How serious are you about employee retention? What are you doing to ensure your best talent does not leave for greener pastures?
Now more than ever, employee retention is something that leaders must channel their energy on. In a recent survey by Right Management, 86% of employees said they plan to look for a new job in 2013. This is an alarming number of employees that plan to leave the workplace.
If so many employees are leaving the workplace, what can be done to keep them onboard?
Here are the top five ways to retain the employee team members you want to keep.
Look in the mirror.
All problems start at the head...
A study conducted by Florida State University suggests that employees leave bosses not jobs. Often times, managers pool all the information possible about employee retention without taking time to say, "What can I do differently to help retain employees?" I find that management has a hard time accepting some of their management faults because it may make them look weak or they may be completely ambivilent to the way they are contributing to low retention rates.
The best way to find out how you can improve your management style is to ask current team members. Obviously, very few team members will truly tell you what they think, so this needs to be done in an anonymous way. One way to collect employee feedback anonymously is to hire a third party like the Rainmaker Group.
Hire the best people.
All problems walk on two feet...
The single most important determinant of employee retention is employee job fit. Every job has a unique combination of behaviors, values, and attributes necessary to do the job well. When an employee's behaviors, values, and attributes are not aligned with the job and culture of the company, he or she will not fit the job. If a team member does not fit the job, he or she is most likely unhappy with work. Unhappy employees leave for greener pastures.
The problem with job fit is most employers do not utilize the resources available to identify a candidate's job fit. Instead, they rely on the typical interview process that gives little insight into a candidate's behaviors, values, and attributes and also relies on "gut instinct." Both companies and employees alike pay dearly for the "gut instinct" hiring method.
To hire the best people, you must use a valid assessment tool that measures multiple components of job fit. The TriMetrix® HD is one assessment tool that can accurately predict job fit and also be used to make the onboarding process more efficient.
Keep the DNA pure.
Employee team members need to know the answer to, "why are we here?" They also need to be clear about what your company does. More importantly, they need to BELIEVE in it.
Keeping only those who believe is key to employee retention and morale. It may seem paradoxial to remove team members when you are trying to retain them, but it is essential.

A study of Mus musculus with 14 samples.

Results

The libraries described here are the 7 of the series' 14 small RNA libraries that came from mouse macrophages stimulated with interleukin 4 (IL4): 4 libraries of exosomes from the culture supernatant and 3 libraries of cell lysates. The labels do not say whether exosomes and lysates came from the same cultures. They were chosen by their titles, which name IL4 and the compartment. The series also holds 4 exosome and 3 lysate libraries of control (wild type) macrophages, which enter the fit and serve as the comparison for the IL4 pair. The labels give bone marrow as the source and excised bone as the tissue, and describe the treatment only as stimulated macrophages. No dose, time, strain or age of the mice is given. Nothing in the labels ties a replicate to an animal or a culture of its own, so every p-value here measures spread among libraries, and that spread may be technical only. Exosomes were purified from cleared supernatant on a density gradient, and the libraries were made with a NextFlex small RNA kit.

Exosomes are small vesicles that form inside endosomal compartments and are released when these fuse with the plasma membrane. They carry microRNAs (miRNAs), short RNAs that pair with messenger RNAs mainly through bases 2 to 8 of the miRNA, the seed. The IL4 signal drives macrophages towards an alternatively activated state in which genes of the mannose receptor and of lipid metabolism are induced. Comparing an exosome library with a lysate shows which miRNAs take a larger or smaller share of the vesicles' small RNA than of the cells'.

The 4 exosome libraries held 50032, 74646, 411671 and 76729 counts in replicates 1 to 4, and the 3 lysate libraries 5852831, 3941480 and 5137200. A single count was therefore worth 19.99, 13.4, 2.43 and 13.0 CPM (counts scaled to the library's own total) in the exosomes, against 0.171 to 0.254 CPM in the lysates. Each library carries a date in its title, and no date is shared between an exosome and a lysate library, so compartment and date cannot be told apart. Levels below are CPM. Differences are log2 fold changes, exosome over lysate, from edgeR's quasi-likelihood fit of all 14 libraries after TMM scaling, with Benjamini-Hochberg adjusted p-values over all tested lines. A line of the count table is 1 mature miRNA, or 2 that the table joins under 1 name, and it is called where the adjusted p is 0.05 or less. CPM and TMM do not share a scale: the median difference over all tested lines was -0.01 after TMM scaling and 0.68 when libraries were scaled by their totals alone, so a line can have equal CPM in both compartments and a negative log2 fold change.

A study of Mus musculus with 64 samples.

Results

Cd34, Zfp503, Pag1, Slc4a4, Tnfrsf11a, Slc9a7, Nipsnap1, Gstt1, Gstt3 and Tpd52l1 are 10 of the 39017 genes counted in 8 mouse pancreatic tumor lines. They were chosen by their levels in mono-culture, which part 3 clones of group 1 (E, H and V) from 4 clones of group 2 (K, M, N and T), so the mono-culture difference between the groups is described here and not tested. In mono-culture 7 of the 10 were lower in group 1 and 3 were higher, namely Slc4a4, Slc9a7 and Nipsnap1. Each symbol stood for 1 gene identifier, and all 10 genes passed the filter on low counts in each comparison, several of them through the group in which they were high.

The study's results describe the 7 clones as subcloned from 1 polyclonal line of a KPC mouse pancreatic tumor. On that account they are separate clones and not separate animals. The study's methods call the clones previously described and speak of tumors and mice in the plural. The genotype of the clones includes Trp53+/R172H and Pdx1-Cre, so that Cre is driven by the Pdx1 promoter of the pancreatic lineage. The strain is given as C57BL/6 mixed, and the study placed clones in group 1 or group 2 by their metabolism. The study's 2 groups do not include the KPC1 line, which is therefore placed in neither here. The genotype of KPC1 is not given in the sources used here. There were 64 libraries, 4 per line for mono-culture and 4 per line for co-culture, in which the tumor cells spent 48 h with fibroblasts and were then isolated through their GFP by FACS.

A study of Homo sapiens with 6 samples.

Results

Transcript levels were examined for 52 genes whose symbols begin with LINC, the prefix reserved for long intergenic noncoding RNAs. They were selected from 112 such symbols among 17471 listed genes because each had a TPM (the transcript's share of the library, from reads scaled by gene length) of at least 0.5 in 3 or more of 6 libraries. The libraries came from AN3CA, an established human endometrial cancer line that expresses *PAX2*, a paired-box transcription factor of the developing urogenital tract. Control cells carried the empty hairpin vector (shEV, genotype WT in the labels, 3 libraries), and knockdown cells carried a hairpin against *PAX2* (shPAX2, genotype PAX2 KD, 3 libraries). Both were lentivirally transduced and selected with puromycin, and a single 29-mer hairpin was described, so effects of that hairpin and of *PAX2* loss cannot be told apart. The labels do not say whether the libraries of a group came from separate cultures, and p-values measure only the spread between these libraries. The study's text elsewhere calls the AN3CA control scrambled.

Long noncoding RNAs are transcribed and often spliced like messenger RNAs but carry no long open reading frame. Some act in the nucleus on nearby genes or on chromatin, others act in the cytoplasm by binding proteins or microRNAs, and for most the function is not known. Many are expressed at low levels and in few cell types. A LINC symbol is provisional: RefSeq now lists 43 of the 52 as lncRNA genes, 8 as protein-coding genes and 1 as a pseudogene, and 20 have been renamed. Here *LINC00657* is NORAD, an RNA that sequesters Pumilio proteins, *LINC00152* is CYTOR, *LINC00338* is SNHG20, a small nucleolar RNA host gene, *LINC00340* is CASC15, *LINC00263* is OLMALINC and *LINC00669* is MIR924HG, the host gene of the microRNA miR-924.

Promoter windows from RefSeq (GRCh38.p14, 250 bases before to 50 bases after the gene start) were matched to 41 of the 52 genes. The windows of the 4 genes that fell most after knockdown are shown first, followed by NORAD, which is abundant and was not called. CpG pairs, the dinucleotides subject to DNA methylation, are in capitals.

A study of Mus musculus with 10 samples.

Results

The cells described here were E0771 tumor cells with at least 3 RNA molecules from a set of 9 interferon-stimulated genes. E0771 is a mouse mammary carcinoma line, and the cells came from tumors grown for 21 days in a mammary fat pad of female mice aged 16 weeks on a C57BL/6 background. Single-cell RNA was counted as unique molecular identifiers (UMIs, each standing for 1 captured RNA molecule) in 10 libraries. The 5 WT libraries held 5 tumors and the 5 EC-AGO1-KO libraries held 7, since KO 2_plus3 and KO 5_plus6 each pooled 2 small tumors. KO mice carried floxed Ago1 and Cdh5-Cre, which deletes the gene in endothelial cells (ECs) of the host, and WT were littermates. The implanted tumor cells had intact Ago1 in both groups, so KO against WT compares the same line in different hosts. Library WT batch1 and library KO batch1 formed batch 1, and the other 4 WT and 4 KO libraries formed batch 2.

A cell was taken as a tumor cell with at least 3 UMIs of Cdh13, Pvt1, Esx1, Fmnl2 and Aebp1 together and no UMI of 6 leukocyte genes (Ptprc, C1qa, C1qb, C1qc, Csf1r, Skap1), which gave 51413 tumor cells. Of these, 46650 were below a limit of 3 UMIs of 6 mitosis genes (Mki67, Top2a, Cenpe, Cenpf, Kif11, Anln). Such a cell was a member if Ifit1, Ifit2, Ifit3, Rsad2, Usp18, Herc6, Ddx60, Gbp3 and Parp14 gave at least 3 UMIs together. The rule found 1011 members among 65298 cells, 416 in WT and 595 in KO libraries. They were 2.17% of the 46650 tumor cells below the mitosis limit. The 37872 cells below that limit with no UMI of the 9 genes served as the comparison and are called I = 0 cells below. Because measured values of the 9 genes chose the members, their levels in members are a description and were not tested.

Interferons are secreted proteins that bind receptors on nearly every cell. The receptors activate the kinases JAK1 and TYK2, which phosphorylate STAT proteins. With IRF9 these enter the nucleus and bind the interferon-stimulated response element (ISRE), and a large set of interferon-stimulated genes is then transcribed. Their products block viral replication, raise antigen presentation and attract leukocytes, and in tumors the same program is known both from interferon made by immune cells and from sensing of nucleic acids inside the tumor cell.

Mixing believers and non-believers leads to little productivity. More importantly, the non-believers destroy new team member's beliefs and cause great team members to jump ship.
John Miller said it best... "Believe or leave." If an employee team member does not believe in what you do - they need to seek a better place for them.
Honor the greatness in every employee team member.
Technically - the people I work with are my employees. However, I do not like that word - "employee". It is a cheap, subserviant word. It suggests ownership. It suggests putting people in "their place."
Several years ago, I read Robert K. Cooper's The Other 90%. It changed my life and how I look at other people. After reading his book, I cannot call the people I work with "employees". Every human being is sacred and is to be cherished the way they are. I refer to employees as "team members."
Do your best to know and advocate for the hopes and dreams of those you partner with. Honor the greatness in each by praising them in the unique manner they appreciate. Identify and honor their unique idiosyncracies - what they enjoy - and avoid what they do not enjoy.
Pay team members what they are worth.
Compensation is very personal. You have the power to share the rewards so do so. Pay your people the way you would hope to be compensated. Be more than fair. When you give - you will get back in spade. You will not regret it and you will get their attention.
Just do not over pay low performers believing their performance will improve because it will not.
What can you do right now to get started?
First - decide to take action. Then review the five strategies we have shared in this post and score yourself. How are you doing? What should you improve? Create an action plan for the next several weeks. Remember... Intention only goes so far. Commit yourself to improving these five areas and your employee retention will improve.